Thai billionaire Charoen Sirivadhanabhakdi made a S$9 billion (US$7.3 billion) bid for the 70% of drinks and property group Fraser & Neave Ltd he does not control, potentially blocking Heineken NV (HEIA) from buying the Singapore company’s beer unit.
TCC Assets Ltd, linked to Charoen’s Thai Beverage Plc (THBEV), offered S$8.88 a share for F&N (FNH), TCC said in a filing Thursday. The bid is 4.3% more than F&N’s closing price yesterday and values the company at $10.3 billion.
The Thai billionaire could thwart Heineken’s $4.4 billion offer for F&N’s 40% stake in Tiger beer maker Asia Pacific Breweries Ltd (APB) if he succeeds in buying the conglomerate. Charoen is making his bid ahead of a Sept 28 meeting where F&N shareholders will vote on the Dutch company’s proposal.
“The fact that they are making an offer at this stage seems to suggest that they want a bigger say in the vote,” said Goh Han Peng, analyst at DMG & Partners Research Pte in Singapore. “They could scuttle the deal if they want to hold on to APB.”
Fraser & Neave shares were halted for trading in Singapore.
Purchasing F&N would widen Charoen’s influence in Asia and help Thai Beverage diversify overseas. The Thai brewer got 96% of its revenue from its home country in 2011, according to data compiled by Bloomberg. Thai Beverage is already F&N’s largest shareholder with a 29% stake, according to data compiled by Bloomberg.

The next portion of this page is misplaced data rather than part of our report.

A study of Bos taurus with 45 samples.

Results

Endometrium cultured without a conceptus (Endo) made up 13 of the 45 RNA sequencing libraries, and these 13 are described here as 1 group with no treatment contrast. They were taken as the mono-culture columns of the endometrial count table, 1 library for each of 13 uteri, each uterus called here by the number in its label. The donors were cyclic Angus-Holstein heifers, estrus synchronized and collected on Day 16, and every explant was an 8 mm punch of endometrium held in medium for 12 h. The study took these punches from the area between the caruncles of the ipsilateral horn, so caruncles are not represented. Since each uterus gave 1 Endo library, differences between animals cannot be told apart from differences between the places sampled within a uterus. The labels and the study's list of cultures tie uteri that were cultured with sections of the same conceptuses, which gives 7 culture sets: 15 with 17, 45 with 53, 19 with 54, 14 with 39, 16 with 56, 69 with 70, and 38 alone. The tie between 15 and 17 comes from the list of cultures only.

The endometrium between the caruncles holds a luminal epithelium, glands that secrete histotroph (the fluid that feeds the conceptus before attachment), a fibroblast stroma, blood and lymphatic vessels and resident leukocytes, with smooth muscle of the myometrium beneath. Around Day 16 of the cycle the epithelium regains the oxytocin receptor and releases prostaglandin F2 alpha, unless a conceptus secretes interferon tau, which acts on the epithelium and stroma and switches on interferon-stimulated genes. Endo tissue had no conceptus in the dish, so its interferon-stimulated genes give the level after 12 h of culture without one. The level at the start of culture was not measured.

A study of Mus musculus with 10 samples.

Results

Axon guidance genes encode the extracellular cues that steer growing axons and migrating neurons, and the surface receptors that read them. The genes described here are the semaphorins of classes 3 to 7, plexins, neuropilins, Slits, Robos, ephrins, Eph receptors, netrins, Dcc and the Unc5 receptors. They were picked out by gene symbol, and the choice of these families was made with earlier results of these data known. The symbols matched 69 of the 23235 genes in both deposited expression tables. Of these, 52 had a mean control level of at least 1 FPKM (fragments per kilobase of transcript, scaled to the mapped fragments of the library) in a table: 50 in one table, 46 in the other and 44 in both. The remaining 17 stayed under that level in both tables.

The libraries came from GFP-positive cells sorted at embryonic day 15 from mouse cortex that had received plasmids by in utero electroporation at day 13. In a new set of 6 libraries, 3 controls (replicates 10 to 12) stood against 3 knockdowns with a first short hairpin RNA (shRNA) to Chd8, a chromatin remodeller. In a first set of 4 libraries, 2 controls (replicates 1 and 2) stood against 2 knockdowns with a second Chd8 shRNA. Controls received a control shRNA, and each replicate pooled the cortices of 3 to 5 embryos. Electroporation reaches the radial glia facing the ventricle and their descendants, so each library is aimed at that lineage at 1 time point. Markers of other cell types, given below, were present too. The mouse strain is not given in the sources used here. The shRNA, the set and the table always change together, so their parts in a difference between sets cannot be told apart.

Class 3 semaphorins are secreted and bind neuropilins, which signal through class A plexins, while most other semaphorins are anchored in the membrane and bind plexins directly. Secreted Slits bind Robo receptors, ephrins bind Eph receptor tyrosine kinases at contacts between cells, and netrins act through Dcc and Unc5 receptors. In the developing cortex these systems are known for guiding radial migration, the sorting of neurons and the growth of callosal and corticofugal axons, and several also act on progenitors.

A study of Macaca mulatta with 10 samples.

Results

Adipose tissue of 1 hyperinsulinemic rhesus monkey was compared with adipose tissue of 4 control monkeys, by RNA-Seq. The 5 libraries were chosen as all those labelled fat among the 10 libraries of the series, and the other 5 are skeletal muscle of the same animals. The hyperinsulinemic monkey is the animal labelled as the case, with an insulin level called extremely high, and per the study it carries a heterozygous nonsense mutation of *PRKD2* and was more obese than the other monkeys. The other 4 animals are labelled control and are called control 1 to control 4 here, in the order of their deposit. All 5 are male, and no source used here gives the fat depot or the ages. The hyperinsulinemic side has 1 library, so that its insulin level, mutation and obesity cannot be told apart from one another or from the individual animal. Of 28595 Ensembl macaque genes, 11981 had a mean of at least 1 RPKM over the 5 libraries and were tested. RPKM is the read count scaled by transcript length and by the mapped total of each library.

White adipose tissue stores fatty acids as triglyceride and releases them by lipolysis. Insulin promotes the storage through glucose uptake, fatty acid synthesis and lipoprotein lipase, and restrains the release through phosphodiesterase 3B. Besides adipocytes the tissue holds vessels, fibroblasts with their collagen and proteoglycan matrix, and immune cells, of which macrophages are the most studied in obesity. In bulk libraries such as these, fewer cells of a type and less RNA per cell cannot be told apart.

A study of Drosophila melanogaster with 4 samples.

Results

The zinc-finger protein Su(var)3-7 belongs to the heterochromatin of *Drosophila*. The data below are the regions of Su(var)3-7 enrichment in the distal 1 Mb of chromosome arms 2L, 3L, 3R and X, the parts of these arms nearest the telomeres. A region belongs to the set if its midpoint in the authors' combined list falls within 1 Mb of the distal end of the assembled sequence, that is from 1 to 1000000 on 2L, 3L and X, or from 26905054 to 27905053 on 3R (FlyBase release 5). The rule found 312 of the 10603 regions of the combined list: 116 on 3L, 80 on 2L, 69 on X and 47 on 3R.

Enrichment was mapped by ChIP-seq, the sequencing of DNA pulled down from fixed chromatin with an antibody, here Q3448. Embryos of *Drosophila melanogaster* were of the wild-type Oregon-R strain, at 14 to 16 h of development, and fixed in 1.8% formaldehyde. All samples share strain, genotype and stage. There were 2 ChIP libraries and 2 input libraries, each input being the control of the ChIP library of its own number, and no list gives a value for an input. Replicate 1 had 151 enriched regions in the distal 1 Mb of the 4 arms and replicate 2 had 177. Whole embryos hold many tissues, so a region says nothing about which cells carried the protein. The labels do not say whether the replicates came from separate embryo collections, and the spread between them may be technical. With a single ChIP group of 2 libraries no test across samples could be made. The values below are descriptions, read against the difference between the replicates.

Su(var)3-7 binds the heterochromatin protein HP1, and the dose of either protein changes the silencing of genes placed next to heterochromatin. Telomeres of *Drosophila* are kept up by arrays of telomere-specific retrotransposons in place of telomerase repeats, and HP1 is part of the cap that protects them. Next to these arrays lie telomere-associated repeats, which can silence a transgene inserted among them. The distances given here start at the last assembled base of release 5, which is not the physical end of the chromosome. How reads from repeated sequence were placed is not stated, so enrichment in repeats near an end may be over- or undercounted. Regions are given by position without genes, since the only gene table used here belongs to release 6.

Japanese brewer Kirin Holdings Co is the second biggest with a 15% stake. Kirin spokesman Jun Sato declined to comment on the Thai offer today. Heineken will review Thai Beverage’s comments “carefully” and comment when appropriate, John Clarke, a spokesman for Heineken, said in an e-mail.
Fraser & Neave got about 30% of its 2011 revenue of S$6.3 billion from its property division, about 12% from soft drinks and 17% from dairies, according to data compiled by Bloomberg. Charoen’s unlisted business TCC Group has a real estate arm and Thai Beverage sells non-alcoholic drinks in addition to beer and spirits.
Heineken, the world’s third-biggest brewer, in August raised its offer for a controlling stake in APB to S$53 a share from S$50. The Dutch company, which owns part of the brewer, has sought full control as it attempts to protect its hold over a key emerging-markets business and as brewing assets in high- growth economies are in short supply after a decade of consolidation in the industry.
Charoen’s bid is the largest announced by a Thai company in at least 10 years, according to data compiled by Bloomberg. United Overseas Bank Ltd (UOB), DBS Bank Ltd and Morgan Stanley Asia (Singapore) Pte are advising TCC.